For the government, there's no tax like a hidden tax. That's why a considerable chunk of the total taxes we pay is hidden. In February, The Washington Post itemized the costs that go into the $1.10 a person might pay to have a shirt professionally laundered. Setting aside the sales tax, the Post estimated Uncle Sam's take at 4 cents–a whopping two-thirds of what they estimated to be the owner's 6 cents in profit. Some might conclude that this isn't so bad. After all, by this math, the government added a mere 3.6 percent to the pre-sales tax cost of the clean shirt. Not exactly, say economists Gary and Aldona Robins of the Texas-based Institute for Policy Innovation. They took the Post's analysis one step further, estimating the proportion of each cost factor that can be pegged to federal taxes. The Post's calculations, say the Robinses, underestimates the total tax bite–37 cents–by close to a factor of 10. Since even a third of the profit is really tax, Uncle Sam is the one cleaning up, with a take nine times greater than the owner's.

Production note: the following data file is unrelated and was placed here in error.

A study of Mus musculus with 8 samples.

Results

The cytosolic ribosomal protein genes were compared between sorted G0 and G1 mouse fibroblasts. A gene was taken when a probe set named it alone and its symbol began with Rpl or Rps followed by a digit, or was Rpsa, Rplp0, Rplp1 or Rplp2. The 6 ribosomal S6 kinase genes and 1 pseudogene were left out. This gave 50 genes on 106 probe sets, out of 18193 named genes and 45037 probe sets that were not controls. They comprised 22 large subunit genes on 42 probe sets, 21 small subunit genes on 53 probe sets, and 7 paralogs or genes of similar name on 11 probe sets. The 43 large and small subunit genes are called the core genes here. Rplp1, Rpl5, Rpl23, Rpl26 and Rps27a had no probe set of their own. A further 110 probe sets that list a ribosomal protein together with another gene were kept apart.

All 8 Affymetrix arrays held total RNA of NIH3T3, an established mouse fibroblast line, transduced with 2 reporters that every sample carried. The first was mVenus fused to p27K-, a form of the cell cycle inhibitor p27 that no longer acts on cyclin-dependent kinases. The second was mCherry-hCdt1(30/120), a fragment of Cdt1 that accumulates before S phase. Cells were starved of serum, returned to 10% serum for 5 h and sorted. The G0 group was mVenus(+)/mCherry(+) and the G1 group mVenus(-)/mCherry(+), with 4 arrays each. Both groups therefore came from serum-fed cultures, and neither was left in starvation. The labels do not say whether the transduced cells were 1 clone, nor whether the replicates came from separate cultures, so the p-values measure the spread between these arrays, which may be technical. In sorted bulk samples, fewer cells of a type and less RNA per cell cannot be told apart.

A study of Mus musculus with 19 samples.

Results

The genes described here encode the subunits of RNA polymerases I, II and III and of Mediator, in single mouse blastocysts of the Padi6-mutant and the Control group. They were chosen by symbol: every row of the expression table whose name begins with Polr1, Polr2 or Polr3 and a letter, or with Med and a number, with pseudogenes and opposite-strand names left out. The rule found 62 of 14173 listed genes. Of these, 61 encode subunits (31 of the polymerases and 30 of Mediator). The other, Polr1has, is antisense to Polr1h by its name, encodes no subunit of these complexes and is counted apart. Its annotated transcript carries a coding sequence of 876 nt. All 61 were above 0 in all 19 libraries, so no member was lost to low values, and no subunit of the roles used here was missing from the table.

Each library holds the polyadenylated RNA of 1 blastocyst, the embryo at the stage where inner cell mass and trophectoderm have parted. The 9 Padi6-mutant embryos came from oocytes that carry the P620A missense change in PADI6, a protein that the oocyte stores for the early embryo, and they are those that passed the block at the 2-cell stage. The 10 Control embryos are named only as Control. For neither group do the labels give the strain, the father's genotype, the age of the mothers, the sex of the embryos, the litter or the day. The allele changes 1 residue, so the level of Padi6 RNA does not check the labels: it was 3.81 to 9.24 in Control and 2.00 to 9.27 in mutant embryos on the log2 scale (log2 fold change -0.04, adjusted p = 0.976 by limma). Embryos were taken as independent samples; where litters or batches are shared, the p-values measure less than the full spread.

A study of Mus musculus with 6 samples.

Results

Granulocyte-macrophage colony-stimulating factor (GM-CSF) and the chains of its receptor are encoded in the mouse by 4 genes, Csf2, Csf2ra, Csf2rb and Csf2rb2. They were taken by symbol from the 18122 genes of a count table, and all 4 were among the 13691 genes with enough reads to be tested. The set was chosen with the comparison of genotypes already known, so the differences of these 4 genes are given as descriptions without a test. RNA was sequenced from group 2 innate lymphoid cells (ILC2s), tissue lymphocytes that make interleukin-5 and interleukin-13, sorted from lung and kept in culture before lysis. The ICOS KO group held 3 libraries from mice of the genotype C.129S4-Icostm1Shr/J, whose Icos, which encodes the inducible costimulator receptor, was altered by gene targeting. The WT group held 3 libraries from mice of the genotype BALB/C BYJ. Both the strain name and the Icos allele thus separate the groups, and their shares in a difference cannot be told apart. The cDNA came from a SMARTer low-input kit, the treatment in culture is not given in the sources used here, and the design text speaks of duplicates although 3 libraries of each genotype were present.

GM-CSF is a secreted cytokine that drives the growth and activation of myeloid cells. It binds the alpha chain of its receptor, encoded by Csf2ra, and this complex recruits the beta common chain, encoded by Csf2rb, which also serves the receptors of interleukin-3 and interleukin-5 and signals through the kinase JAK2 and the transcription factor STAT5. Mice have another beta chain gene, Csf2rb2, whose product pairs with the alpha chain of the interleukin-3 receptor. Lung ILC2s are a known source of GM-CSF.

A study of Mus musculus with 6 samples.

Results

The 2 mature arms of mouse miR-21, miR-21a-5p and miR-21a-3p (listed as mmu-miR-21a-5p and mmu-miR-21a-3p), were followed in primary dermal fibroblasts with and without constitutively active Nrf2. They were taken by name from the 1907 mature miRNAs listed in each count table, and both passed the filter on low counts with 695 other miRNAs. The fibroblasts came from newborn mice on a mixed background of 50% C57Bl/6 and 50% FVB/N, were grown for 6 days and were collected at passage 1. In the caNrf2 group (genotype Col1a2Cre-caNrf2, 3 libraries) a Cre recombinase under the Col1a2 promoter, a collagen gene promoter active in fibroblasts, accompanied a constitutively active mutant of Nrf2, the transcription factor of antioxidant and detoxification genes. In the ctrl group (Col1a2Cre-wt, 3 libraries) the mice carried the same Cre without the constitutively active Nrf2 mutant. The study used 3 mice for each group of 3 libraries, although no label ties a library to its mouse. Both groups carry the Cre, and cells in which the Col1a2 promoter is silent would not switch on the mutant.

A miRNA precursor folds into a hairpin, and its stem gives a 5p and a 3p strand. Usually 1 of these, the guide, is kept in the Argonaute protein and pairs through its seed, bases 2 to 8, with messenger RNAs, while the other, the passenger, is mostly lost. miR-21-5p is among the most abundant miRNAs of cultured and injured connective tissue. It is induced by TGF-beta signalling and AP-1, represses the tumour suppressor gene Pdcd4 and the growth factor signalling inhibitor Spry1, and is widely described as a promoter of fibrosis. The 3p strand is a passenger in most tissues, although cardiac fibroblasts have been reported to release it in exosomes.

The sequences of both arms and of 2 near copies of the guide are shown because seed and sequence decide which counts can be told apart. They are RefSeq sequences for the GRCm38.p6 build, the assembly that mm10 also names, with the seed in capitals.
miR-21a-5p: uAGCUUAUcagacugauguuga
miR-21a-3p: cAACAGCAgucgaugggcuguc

The Washington Post Tried To Memory-Hole Kamala Harris' Bad Joke About Inmates Begging for Food and Water
At a time when legacy publications are increasingly seen as playing for one political "team" or the other, this type of editorial decision will not do anything to fix that perception.
The new president availed himself of Seila Law v. Consumer Financial Protection Bureau.
California Preservationists Sue To Overturn Law That Requires Property Owners Consent To Having Their Homes Landmarked
The lawsuit from three Orange County preservation groups argues that supposedly historic buildings should be afforded the same environmental protections as "air, water, and forests."
"She was charged with violating the Reopening Ontario Act."